Activists Protest Bill Targeting Pregnant Minors
By Laila Khalili
“Graciela’s family lived in a tiny town—her step-father worked for the police department and everyone knew everyone. Her step-father was physically abusive to both Graciela, her mother and her two younger siblings.
“We can’t report anything to the police about what he does to us,” Graciela said. “He’ll just hurt us more.”
Graciela was terrified of what he might do if he found out she was pregnant, and she didn’t think it was right to bring a baby into her violent home.”
This is one of many true stories from Janes who have called the hotline in Texas which provides legal assistance to pregnant minors.
Over the weekend, activists clad in hospital gowns gathered at the Texas Capitol to protest a bill that would strip a vital protection for some of the most vulnerable in Texas-pregnant minors.
Under current law, a person under the age of 18 cannot get an abortion without the consent of a parent or legal guardian. Most teens who get abortions are able to do so with consent from their parents, but for a small number-between 200 and 300-this is simply not an option. These minors are called Janes.
In 1999, judicial bypass was adopted by the state of Texas with bipartisan support, and it allows a judge to grant Janes abortion access without the notification or consent of the parent(s).
If a Jane is in danger of facing physical, sexual, or emotional abuse as a result of notifying their parent, or has no parent to give consent, judicial bypass is in place to help them.
HB 3994, authored by Rep. Geanie Morrison (R-Victoria), would alter the judicial bypass system, making abortion for minors incredibly difficult to access.
Morrison’s bill would add the following restrictions:
- Requires minors to provide “clear and convincing” evidence that obtaining consent from a parent could put them in harms way, increasing the burden of proof. The original language in the law requires only a “preponderance of evidence.”
- Requires minors to file their applications for judicial bypass with a judge in their home county, unless the county has a population under 10,000, or the county in which the abortion provider is located. The current law allows minors to file applications in any county.
- Requires doctors to ask any person seeking an abortion for a government-issued ID. The doctor can still perform the abortion without an ID, but will then be required to report it to DSHS.
- Requires doctors to notify the parents if they perform an abortion on a minor in the event of a medical emergency.
- Extends the time frame for judges to rule on a case from two days to five.
- States that if the judge fails to rule on the bypass request within those five days, that means the request is denied. The current law states that the bypass is considered approved if a judge does not rule.
- Requires county clerks to make public the names of judges who grant bypasses, removing the confidentiality of this system.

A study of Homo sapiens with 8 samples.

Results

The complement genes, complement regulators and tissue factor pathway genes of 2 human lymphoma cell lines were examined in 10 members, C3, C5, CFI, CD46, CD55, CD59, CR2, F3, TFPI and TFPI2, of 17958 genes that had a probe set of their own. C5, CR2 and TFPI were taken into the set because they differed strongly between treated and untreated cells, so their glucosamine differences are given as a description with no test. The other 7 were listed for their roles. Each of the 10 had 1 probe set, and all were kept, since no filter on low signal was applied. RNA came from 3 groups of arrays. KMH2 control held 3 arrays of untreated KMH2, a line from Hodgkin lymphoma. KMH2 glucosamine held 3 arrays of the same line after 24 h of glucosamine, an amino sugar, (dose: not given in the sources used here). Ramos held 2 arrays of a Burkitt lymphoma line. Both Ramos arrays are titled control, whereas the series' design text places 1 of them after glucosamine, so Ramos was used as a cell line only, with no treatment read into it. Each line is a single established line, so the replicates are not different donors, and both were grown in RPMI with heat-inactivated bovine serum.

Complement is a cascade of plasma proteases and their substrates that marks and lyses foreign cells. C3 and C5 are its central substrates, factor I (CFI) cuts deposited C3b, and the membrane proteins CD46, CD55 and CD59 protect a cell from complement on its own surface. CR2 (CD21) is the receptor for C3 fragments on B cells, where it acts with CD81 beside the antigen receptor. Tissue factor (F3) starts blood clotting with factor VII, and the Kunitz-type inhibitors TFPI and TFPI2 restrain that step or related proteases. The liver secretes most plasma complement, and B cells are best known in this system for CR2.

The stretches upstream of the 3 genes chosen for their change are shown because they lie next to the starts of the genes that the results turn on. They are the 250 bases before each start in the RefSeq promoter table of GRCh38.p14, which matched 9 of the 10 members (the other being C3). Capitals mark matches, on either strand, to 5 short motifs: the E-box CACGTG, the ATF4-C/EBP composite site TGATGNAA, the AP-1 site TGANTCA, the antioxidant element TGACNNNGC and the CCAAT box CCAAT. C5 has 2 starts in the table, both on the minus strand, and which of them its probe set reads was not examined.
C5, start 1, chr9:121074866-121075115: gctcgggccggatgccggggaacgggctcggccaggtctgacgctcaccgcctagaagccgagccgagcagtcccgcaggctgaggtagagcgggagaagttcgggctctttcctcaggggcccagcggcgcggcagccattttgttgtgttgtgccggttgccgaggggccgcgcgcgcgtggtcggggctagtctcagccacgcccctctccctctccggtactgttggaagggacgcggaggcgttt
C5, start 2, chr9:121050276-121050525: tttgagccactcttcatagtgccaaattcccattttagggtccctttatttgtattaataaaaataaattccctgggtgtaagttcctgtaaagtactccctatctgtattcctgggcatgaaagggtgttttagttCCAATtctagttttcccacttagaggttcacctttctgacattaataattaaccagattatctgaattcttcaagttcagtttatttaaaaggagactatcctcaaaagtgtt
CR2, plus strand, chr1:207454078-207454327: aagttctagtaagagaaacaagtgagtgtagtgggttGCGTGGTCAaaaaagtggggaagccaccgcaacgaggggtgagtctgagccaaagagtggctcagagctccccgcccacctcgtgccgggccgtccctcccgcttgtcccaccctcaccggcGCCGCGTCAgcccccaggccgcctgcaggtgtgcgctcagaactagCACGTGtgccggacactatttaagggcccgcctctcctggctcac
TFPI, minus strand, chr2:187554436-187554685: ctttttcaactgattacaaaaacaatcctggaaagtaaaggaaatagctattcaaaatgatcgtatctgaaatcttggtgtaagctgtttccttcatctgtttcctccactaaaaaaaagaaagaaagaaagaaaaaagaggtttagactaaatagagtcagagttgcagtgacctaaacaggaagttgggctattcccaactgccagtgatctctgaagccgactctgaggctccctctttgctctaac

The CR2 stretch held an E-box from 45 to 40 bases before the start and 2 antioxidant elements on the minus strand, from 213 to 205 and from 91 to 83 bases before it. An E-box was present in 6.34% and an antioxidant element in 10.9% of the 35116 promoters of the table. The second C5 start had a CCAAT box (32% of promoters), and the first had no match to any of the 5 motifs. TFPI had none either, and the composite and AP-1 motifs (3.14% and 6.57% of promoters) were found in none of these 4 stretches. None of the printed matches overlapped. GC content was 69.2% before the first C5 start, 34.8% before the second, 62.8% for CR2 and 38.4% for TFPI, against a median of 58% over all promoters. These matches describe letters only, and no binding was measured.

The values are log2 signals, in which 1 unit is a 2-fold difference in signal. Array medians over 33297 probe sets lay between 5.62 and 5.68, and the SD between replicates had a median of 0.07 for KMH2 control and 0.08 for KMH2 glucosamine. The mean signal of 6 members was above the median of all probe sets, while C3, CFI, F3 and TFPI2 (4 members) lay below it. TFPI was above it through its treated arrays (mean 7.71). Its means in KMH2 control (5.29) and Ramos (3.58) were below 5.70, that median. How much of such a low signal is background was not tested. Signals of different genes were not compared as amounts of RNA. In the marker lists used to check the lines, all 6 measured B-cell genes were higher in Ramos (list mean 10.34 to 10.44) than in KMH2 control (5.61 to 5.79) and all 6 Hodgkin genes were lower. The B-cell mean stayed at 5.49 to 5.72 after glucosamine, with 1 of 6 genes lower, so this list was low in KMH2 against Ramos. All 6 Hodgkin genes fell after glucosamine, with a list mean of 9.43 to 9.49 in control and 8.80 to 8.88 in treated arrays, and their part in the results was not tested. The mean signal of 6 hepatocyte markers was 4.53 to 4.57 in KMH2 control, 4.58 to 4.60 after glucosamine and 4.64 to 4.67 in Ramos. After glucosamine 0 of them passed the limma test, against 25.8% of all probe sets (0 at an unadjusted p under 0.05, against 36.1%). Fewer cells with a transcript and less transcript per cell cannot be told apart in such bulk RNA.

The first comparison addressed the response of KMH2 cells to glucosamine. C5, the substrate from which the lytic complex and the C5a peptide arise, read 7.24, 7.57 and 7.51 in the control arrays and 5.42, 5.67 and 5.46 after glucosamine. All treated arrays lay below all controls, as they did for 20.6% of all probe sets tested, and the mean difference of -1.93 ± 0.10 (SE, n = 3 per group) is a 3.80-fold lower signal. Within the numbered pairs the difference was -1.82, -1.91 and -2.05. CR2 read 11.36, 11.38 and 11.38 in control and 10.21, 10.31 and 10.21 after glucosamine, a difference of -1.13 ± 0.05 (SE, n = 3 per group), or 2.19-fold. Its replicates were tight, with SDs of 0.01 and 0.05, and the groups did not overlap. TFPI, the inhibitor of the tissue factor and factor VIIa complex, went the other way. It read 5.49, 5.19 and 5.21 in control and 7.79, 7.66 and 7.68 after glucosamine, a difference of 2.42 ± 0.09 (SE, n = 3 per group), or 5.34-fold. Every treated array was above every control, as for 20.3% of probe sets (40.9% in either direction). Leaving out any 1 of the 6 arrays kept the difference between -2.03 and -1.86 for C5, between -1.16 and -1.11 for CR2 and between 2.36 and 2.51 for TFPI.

Some proponents have stated this bill will close up “loopholes” in the current law. The Texas Alliance for Life, which worked closely in drafting this legislation, claims it will protect parental rights. During debate on the House floor, Morrison argued, “It would be traumatic for a teen to have an abortion without her parents there.” Some have even gone so far as to claim these minors are purposefully going through the court system just to lie to their kind, loving parents.
Anti-abortion politicians have stooped so low in their attempt to eradicate safe, legal abortion access they have blinded themselves to the reality of who these laws were created to protect, even if it means putting teens, sometimes even children, in unconscionable situations. Legislators who drafted HB 3994 did not consult organizations like Jane’s Due Process, which provide legal representation to Janes seeking a judicial bypass.
One “Jane” activist explained this is exactly why the #HereforJaneTX movement was launched.
“It is time to stand up and elevate the untold stories of Janes across Texas. Each Jane is different, and every reason they need help is valid.”
She and other “Jane” activists stood in the Capitol holding signs with the ages and circumstances of real Janes who have used the current judicial bypass system.
The reasons Janes need this system are numerous. Often times these minors face severe abuse at home, or their parents may be deceased, incarcerated, or are abusing drugs and simply aren’t around. Some Janes are survivors of rape or incest, homeless, or are undocumented.
Without an effective, expeditious judicial bypass system, Janes in Texas will be left with few options and more vulnerable than ever.
To learn more about this legislation and ways to take action through this grassroots movement, visit the #HereForJaneTX website. For more information about the judicial bypass process, visit Jane’s Due Process, a non-profit which provides legal representation to pregnant minors.